What Makes A Good Parent
According to research psychologist Dr. Robert Epstein and University of California student Shannon Fox, there are ten specific parenting skills shown to be the most effective in being a good parent and raising happier, healthier, more successful children.
Published in the Scientific American Mind magazine, 'The Parents' Ten' is listed in order from the most to least important skill areas in predicting positive child-rearing outcomes.
- Love and affection: You support and accept the child, are physically affectionate and spend quality one-on-one time together.
- Stress management: You take steps to reduce stress for yourself and your child, practice relaxation techniques and promote positive interpretations of events.
- Relationship skills: You maintain a healthy relationship with your spouse, significant other, or co-parent and model effective relationship skills with others.
- Autonomy and independence: You treat your child with respect and encourage him or her to become self-sufficient and self-reliant.
- Education and learning: You promote and model learning and provide educational opportunities for your child.
- Life skills: You manage your money responsibly, have a steady income, provide all household necessities for your child consistently and plan for the future.
- Behavior management: You make extensive use of positive reinforcement and punish only when other methods of managing behavior have failed.
- Health: You model a healthy lifestyle and good habits, such as regular exercise and proper nutrition.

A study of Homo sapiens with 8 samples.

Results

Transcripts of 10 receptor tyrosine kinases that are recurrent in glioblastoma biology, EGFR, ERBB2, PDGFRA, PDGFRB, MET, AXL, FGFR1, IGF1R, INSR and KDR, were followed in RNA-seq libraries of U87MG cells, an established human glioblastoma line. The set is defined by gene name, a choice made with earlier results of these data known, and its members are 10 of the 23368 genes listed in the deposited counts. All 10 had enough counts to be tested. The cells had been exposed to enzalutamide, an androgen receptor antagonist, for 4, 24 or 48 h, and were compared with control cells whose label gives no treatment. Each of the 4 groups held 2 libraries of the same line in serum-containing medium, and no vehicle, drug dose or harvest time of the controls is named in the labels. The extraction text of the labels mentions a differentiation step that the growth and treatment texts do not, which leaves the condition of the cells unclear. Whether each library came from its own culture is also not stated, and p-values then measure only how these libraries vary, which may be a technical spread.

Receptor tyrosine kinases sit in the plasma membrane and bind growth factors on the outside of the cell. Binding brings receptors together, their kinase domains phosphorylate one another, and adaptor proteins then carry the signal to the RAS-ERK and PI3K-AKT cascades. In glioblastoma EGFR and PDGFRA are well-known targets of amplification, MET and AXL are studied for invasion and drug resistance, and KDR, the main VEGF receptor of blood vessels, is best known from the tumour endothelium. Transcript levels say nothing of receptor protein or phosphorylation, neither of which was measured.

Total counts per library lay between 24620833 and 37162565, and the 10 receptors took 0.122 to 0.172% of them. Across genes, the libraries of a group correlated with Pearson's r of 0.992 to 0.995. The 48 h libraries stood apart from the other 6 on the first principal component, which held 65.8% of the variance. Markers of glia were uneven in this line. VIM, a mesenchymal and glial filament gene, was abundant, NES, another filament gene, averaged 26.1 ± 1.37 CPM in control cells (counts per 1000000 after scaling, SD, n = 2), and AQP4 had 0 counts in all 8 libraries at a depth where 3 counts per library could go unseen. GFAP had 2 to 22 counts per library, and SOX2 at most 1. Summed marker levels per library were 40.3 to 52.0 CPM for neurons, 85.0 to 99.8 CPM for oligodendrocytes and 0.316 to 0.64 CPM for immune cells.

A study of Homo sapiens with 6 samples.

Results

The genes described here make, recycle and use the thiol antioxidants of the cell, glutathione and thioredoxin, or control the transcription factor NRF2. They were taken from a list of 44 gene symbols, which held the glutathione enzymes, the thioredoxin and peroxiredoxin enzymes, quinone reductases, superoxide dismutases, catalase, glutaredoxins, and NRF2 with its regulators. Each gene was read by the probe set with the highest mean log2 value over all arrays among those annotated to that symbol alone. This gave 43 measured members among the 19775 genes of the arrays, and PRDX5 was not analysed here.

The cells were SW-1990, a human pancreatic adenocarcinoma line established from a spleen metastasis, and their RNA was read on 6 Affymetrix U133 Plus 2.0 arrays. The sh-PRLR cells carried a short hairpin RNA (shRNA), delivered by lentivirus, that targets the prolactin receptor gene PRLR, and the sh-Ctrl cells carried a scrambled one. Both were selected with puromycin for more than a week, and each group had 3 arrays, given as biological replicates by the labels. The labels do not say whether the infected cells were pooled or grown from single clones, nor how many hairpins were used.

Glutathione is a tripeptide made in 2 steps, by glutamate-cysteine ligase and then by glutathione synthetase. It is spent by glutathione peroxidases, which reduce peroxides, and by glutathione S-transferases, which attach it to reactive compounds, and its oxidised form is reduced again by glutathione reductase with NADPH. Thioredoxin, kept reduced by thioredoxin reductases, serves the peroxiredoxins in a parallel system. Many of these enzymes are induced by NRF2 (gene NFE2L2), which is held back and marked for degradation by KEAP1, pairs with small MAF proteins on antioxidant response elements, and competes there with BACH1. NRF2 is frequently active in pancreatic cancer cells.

- Religion: You support spiritual or religious development and participate in spiritual or religious activities.
- Safety: You take precautions to protect your child and maintain awareness of your child's activities and friends.
While the top-ranked "love and affection" seems pretty obvious, who would have known that two factors that do not directly involve our children (our own stress management and our relationship with our spouse/co-parent/significant other) would be that high-ranking and impactful on their happiness and well-being?
Now that we know what is most important, we wonder what do we do with it? We can begin by examining our individual parenting skills.
To see how you rate, visit Dr. Epstein's free Parenting Skills Test: http://myparentingskills.com. You will automatically receive your parenting skills summary based on the answers you provide to a series of 100 questions.
Once your results are revealed, celebrate your strengths, then carefully consider the parenting areas that challenge you. The beauty in knowing where we fall short is that it can be the starting point for improvement. The good news is, all of these parenting skills can be learned and improved upon through a variety of mediums, including: books, videos, parenting classes and counselors.
Click here for more on Dr. Epstein's What Makes a Good Parent.